It’s been a rainy spring, but we have yet to see any May flowers in banking. It appears that for banks, businesses and consumers, cash still reigns.
Sandpoint-based Intermountain Community Bancorp reported big improvements in operating profits, erasing a net loss of $4.3 million from the first quarter of last year. Management attributed the improvements to better loan margins and fewer credit losses.
Nampa-based Home Federal Bancorp is still losing money but operations are improving. Home Federal reported a net loss of $1.2 million for the quarter ending March 31, 2011 compared to a net loss of $1.6 million for the same period last year. Net interest income increased $2.2 million, or 35.5 percent over last year.
Overall, Idaho banks are still losing money but less than last year. According to FDIC data, the Idaho banking industry lost $60.2 million in 2010 compared with $69.5 million in 2009. Net interest income hasn’t changed much, but Idaho banks are writing off fewer bad loans.
If the banking system were operating normally, the current low-interest rate policy of the Federal Reserve would encourage much more lending. Unfortunately, a credit crunch continues as bankers and investors alike leave their money in cash (currency, coin, etc.), deposits or short-term Treasury bills.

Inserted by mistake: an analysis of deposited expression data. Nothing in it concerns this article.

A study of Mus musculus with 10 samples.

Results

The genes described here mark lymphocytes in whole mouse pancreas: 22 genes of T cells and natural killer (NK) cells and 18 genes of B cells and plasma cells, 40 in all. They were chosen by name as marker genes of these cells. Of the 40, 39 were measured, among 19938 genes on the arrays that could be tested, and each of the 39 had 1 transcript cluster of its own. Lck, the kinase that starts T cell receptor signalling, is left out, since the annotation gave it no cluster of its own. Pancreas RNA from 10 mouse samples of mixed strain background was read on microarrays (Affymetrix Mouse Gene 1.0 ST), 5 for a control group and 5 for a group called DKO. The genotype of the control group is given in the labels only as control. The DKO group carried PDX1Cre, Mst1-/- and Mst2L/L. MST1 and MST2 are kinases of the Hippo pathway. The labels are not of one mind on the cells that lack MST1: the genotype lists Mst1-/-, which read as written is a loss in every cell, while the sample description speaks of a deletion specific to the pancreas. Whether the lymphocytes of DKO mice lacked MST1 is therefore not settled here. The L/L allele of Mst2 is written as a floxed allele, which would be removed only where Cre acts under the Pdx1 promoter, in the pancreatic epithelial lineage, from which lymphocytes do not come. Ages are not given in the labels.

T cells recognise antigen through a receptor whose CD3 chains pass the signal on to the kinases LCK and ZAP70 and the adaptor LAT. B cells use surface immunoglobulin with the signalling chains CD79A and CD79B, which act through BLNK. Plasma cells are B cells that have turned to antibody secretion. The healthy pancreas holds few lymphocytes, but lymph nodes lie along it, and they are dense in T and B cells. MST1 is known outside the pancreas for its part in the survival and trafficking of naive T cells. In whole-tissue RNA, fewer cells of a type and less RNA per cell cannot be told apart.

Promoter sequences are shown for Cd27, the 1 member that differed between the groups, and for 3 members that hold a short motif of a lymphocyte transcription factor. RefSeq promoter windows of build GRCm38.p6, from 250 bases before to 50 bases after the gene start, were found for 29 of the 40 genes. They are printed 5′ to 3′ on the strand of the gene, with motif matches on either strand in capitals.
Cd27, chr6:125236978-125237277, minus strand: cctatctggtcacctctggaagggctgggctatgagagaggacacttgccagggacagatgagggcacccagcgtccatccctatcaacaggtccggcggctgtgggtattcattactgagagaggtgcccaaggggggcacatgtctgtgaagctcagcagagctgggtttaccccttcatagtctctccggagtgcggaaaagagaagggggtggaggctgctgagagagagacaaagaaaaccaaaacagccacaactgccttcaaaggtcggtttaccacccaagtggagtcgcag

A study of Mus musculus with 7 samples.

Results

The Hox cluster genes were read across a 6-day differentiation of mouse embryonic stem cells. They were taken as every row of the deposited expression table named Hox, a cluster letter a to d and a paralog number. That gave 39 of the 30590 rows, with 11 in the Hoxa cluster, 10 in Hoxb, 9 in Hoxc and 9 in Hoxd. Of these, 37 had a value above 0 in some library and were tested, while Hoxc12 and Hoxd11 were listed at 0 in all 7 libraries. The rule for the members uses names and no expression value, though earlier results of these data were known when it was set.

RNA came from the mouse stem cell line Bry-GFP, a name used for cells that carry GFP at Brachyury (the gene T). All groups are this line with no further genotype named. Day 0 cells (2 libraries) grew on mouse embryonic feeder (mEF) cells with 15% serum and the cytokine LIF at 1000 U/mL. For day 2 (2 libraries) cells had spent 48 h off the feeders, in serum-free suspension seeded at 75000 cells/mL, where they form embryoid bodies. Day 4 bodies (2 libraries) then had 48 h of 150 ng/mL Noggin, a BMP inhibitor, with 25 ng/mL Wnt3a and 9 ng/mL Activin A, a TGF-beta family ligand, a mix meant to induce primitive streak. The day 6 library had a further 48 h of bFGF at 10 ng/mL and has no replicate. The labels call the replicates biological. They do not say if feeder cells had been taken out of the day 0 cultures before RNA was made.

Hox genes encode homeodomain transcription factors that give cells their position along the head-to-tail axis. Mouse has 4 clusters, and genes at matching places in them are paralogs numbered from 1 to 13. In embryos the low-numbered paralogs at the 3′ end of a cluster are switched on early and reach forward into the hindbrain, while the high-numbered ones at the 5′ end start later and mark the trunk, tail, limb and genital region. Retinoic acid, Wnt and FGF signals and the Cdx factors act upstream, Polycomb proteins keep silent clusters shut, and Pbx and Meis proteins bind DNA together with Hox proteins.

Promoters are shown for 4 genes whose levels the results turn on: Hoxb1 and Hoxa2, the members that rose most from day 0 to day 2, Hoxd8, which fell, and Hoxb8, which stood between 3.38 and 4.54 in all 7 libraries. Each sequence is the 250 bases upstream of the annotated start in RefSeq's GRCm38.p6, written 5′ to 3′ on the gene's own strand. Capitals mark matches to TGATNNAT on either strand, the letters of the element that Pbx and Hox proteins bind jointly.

Despite better profitability, banks still hoard cash — holding more in reserves than required by regulators and not lending much. Until the banks, businesses and consumers get back to “normal,” the economic recovery will remain weak.
Excess reserves at U.S. banks are at an all-time high of $1.45 trillion, increasing $400 billion over the past year. Banks have more than 19 times the legally required deposits with the Fed.
The Federal Reserve has tried to sidestep this problem by going past the banks themselves. The Fed has bought government debt and mortgage bonds directly from the public for two years now but plans to end these programs this month.
Bankers aren’t alone in favoring cash. Despite an improving stock market and major gains in the commodity markets, U.S. households still hold a lot of cash.
Even though they pay next to nothing in interest savings, deposits at U.S. banks, at $5.5 trillion, are up 10 percent over the past year. Deposits in checking accounts are up 16 percent.
Banks could increase lending but both consumers and businesses have cash, they don’t need credit. Total U.S. consumer credit outstanding declined 5.5 percent over the past year while commercial and industrial loans fell 17 percent.
The financial crisis is over. Banks are well capitalized and are making money the traditional way, lending it out. They can do no more to help the economy.
Policymakers need to turn their attention to consumers and businesses that lack confidence to invest and continue to see cash as king.